What’s on the menu at Mad Crush, a new wine bar from the Queen and Beaver team

What’s on the menu at Mad Crush, a new wine bar from the Queen and Beaver team

Name: Mad Crush Wine Bar
Contact: 582 College St., 647-350-8111, madcrushwinebar.ca, @madcrushwinebar
Neighbourhood: Little Italy
Previously: Bar Italia
Owners: Andrew Carter and Jamieson Kerr (The Queen and Beaver, The Oxley, The Wickson Social)
Chef: Executive chef Andrew Carter and chef de cuisine Ryan Barclay (Splendido, The Grove)

The food

At first glance, the menu looks typically French: loads of butter, cream, foie and caviar, all elegantly plated. The kitchen, though, adds global flavour combos here and there, like an Aleppo pepper-maple syrup glaze and a birch-teriyaki sauce. And they get up to some unusual protein matchmaking (unagi with foie gras, for example).

Oysters are always on offer.


This meat platter includes Bayonne ham, chorizo, Jesus salami, capicollo and lamb prosciutto. $28.


What is a wine bar without cheese? There are currently nine different kinds on offer from Ontario, Quebec and France.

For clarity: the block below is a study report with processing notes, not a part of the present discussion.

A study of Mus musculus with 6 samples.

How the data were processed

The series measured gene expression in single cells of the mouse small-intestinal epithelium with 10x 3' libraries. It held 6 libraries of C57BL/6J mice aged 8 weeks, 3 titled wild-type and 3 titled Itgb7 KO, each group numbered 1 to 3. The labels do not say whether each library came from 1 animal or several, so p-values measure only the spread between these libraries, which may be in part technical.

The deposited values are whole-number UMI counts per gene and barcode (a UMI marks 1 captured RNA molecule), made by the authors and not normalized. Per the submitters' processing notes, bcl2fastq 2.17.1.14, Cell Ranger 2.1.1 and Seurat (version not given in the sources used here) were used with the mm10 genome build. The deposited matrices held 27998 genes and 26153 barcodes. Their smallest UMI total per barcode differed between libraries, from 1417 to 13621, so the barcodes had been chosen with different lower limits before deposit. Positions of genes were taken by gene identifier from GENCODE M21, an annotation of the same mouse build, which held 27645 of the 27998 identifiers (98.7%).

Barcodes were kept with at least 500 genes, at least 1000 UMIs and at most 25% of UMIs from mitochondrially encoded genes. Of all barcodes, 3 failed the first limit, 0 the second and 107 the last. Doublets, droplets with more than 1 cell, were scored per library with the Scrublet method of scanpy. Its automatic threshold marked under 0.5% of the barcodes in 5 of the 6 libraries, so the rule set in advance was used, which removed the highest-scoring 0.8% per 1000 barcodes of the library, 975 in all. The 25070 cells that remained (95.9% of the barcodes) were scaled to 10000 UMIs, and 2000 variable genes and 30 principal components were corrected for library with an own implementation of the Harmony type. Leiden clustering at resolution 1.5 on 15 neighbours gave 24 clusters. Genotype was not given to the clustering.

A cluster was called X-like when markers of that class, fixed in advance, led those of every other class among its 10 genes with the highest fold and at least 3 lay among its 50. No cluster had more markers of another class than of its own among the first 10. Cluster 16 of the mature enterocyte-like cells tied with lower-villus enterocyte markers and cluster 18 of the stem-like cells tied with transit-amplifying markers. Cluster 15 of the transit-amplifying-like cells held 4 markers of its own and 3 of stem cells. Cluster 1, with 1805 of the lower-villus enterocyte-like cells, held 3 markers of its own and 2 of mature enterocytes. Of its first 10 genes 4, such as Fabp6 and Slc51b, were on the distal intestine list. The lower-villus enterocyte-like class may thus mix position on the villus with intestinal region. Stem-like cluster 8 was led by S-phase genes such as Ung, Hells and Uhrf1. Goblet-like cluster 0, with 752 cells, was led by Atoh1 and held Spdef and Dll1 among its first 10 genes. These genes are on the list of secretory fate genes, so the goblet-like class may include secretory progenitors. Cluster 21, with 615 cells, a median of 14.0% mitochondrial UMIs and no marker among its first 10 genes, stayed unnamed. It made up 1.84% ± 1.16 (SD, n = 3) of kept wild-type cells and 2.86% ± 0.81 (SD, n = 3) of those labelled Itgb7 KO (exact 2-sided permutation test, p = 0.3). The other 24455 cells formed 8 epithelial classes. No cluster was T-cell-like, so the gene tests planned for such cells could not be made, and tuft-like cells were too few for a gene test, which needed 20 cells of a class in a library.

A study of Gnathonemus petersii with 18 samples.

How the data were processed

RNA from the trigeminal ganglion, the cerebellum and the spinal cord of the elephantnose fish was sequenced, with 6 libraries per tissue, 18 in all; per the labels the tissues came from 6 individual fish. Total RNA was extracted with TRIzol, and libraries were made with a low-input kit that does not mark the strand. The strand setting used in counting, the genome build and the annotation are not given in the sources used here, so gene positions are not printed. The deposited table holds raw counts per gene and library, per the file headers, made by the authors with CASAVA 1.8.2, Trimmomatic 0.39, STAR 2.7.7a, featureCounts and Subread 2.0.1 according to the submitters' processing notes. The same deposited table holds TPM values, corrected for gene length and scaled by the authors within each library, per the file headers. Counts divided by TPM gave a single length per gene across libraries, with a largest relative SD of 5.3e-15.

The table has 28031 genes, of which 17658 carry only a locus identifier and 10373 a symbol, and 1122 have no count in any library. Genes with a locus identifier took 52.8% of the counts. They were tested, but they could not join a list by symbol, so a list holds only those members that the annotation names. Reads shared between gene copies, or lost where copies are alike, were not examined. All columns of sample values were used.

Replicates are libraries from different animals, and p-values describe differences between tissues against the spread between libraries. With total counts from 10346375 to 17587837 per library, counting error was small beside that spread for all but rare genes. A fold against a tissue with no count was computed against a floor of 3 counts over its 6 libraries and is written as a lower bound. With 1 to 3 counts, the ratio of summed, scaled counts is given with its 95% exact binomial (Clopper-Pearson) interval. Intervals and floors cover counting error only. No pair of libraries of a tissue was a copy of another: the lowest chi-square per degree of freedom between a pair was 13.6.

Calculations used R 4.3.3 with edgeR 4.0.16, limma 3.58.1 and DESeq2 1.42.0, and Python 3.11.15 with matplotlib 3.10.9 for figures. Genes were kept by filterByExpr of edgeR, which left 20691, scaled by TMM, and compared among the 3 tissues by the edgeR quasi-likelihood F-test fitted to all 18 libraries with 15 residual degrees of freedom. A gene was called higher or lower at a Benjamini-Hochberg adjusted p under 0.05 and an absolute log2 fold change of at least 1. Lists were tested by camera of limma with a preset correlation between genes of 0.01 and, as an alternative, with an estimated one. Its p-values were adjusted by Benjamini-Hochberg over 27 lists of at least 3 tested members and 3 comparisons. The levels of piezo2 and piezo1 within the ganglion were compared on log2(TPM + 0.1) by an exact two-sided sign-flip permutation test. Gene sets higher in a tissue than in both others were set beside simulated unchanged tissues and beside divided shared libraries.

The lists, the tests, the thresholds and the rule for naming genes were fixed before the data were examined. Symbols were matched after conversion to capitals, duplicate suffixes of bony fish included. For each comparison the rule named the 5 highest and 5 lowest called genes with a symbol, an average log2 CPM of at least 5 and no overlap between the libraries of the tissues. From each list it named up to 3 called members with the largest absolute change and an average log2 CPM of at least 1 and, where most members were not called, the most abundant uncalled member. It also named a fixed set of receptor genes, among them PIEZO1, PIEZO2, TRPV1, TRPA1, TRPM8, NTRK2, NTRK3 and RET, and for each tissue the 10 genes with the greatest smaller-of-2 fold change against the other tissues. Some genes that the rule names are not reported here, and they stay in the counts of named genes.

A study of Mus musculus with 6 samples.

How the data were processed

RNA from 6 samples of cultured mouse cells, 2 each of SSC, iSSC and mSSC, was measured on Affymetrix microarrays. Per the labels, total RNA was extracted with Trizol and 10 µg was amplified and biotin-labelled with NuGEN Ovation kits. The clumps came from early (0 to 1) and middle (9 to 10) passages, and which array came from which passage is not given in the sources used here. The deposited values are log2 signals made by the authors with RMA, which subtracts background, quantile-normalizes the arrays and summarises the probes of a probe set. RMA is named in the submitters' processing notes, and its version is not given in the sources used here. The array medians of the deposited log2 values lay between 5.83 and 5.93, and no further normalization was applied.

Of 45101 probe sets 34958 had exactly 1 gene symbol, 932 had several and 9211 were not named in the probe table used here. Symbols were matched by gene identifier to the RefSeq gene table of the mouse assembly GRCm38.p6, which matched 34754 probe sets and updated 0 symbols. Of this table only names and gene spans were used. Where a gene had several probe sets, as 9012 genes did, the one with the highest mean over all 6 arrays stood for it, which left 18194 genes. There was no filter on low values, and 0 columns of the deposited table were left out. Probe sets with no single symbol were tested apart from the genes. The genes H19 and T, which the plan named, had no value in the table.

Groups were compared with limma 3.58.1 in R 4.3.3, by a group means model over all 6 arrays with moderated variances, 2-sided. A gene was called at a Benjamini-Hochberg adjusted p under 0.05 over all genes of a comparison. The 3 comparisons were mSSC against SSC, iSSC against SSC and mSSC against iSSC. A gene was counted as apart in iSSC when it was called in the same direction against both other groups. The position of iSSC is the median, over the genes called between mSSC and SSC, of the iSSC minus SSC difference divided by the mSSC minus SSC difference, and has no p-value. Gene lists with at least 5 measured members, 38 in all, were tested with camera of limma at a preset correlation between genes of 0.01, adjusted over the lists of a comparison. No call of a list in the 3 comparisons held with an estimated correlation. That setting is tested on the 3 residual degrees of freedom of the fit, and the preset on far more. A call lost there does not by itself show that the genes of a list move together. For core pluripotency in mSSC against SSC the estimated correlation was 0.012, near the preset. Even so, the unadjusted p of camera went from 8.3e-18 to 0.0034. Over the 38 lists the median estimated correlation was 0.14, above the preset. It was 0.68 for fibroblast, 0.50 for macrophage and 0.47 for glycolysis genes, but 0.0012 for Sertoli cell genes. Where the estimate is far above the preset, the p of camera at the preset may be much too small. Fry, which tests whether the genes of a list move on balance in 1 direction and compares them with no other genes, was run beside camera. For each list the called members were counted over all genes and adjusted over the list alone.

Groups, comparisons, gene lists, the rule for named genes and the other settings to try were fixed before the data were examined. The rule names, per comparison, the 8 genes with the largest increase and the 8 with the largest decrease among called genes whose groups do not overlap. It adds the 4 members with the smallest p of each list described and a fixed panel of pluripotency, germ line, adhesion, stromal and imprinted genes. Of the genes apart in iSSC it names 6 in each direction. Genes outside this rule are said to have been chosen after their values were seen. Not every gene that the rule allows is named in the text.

Crispy sweetbreads are glazed in a sweet, salty and spicy, maple syrup-Aleppo pepper mixture. $14.


A giant seared scallop sits on top of an apple fillet, garnished with a maitake mushroom and finished with some jus from the Calvados-deglazed pan. $11.


This leg of lamb was cooked for five hours over charcoal in a Big Green Egg. It’s served over eggplant and chèvre melktert (a savoury take on the South African cheese custard). $26.


Deboned Mennonite-raised chicken is served with sautéed chanterelle mushrooms and a buttery pomme purée. $24.


The drinks

More than 120 kinds of wine, all available by the glass (if you commit to a two-glass minimum) thanks to an Enomatic system. And the expansive list continues to grow as wine director Julie Garton hunts down rare vintages for the in-house cellaring program. Rather than list wines by varietal, the bottles are organized by flavour profiles like “meaty, beefy, big bouncy reds,” for bold grapes from Spain, Italy and Greece. Even the cocktail program is full of grapes: bubbly, vermouth and port all get mixed into into popular classics (negronis, kir royales) and lesser-known bracers, like the Bitter Giuseppe (a mix of Cynar, Dolin Red, lemon and orange bitters).


The space

Since Kerr sold Crush Wine Bar (now Frings) nine years ago, he’s been itching to open a new temple devoted to vino. This second incarnation of Crush took its design cues from the two-storey venue’s existing mid-century features. The terrazzo floors and marble bar have been preserved, with some Carrera pieces added for extra oomph. The 110-seat main floor is decked out in teal leather and brass fixtures with flourishes like a wallpaper mural that spans the restaurant’s two storeys. A second-floor private dining room can be rented out.